Diatomic molecules are molecules made of two atoms chemically bonded together.
The atoms can be of the same element (homonuclear molecules), or of different elements (heteronuclear molecules).
Familiar examples of diatomic molecules of elements are the five gaseous state diatomic elements: Cl2, F2 H2, N2,and O2.
In total, seven elements are known to be diatomic at room temperature; the others are Br2 (liquid) and I2 (solid).
Familiar examples of diatomic molecules containing different elements are hydrogen chloride (HCl), carbon monoxide (CO) and nitrogen monoxide (NO).
Bonding in Diatomic Molecules
In homonuclear diatomic molecules, the bonding is covalent. Each atom in the molecule has equal electronegativity; electrons are shared equally between the two atoms.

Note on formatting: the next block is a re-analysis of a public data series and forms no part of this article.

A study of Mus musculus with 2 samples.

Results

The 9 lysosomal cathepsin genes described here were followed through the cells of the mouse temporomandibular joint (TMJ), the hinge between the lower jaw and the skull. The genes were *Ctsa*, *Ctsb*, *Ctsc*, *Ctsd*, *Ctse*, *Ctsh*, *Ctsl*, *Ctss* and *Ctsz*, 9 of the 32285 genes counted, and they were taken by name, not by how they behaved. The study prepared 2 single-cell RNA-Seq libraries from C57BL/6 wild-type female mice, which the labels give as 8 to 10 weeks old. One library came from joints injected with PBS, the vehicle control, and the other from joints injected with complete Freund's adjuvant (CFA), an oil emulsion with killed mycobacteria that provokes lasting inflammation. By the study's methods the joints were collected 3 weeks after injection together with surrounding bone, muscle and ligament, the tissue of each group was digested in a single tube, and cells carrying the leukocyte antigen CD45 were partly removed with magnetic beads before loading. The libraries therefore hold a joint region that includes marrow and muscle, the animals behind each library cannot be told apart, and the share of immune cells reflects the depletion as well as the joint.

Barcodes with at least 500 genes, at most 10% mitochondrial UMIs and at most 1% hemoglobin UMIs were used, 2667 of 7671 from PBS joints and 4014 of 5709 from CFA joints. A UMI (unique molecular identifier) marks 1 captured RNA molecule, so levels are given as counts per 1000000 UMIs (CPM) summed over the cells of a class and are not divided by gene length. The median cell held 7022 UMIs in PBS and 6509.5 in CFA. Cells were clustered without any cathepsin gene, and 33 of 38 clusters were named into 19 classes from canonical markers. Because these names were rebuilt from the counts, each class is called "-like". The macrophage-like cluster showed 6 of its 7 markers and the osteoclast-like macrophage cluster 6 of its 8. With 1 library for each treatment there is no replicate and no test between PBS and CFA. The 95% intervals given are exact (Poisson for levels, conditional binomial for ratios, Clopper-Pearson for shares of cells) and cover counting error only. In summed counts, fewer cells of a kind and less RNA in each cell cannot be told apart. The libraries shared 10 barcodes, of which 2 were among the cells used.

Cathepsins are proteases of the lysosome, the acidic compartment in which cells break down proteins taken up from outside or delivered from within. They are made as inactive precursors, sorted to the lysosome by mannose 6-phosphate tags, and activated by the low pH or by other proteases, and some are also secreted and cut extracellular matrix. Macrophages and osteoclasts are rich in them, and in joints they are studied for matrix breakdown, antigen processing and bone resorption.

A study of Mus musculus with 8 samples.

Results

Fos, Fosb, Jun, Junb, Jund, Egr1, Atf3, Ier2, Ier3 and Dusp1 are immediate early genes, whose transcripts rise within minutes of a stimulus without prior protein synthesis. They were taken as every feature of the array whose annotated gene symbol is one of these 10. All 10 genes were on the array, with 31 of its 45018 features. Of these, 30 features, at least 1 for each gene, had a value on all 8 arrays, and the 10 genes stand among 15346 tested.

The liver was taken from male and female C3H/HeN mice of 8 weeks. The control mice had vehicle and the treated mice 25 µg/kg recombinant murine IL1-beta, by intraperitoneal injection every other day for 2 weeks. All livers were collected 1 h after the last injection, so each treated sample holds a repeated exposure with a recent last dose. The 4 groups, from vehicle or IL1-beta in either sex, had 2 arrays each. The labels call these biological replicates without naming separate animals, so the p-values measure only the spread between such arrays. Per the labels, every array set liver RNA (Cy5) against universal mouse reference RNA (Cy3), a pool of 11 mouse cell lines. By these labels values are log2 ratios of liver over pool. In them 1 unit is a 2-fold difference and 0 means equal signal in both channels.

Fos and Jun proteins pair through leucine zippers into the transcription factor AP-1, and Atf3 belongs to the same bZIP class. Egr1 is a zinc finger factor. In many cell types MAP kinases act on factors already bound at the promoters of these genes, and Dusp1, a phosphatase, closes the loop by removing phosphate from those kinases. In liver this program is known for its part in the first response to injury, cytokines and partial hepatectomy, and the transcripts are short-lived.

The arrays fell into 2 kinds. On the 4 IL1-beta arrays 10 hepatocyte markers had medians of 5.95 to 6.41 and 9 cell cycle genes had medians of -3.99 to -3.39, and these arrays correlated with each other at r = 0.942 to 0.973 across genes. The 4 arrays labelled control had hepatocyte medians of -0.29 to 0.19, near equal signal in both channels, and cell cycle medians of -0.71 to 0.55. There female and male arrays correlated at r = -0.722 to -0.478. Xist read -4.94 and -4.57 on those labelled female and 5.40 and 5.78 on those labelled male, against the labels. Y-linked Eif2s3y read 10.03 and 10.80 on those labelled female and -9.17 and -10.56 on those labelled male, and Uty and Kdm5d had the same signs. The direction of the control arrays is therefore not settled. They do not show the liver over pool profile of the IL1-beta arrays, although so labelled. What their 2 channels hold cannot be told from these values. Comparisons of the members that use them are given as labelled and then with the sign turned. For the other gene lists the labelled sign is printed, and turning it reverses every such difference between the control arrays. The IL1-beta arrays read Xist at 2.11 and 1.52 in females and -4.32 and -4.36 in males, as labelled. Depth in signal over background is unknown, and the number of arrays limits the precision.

In heteronuclear diatomic molecules, the atoms differ in electronegativity; these molecules have polar covalent bonds. The molecule forms a dipole.
Some compounds have formulas that might suggest they are diatomic molecules, such as NaCl. In fact, rather than sharing electrons to form molecules, sodium chloride is a product of ionization. Under normal conditions, ionic compounds do not form diatomic molecules. At room temperature, most exist as large networks of ions arranged in crystal lattices. For example, in the case of solid sodium chloride, each ion is surrounded by six oppositely charged ions in a huge network of ions.
In the gas phase, however, NaCl can exist as a diatomic molecule with a polar covalent bond.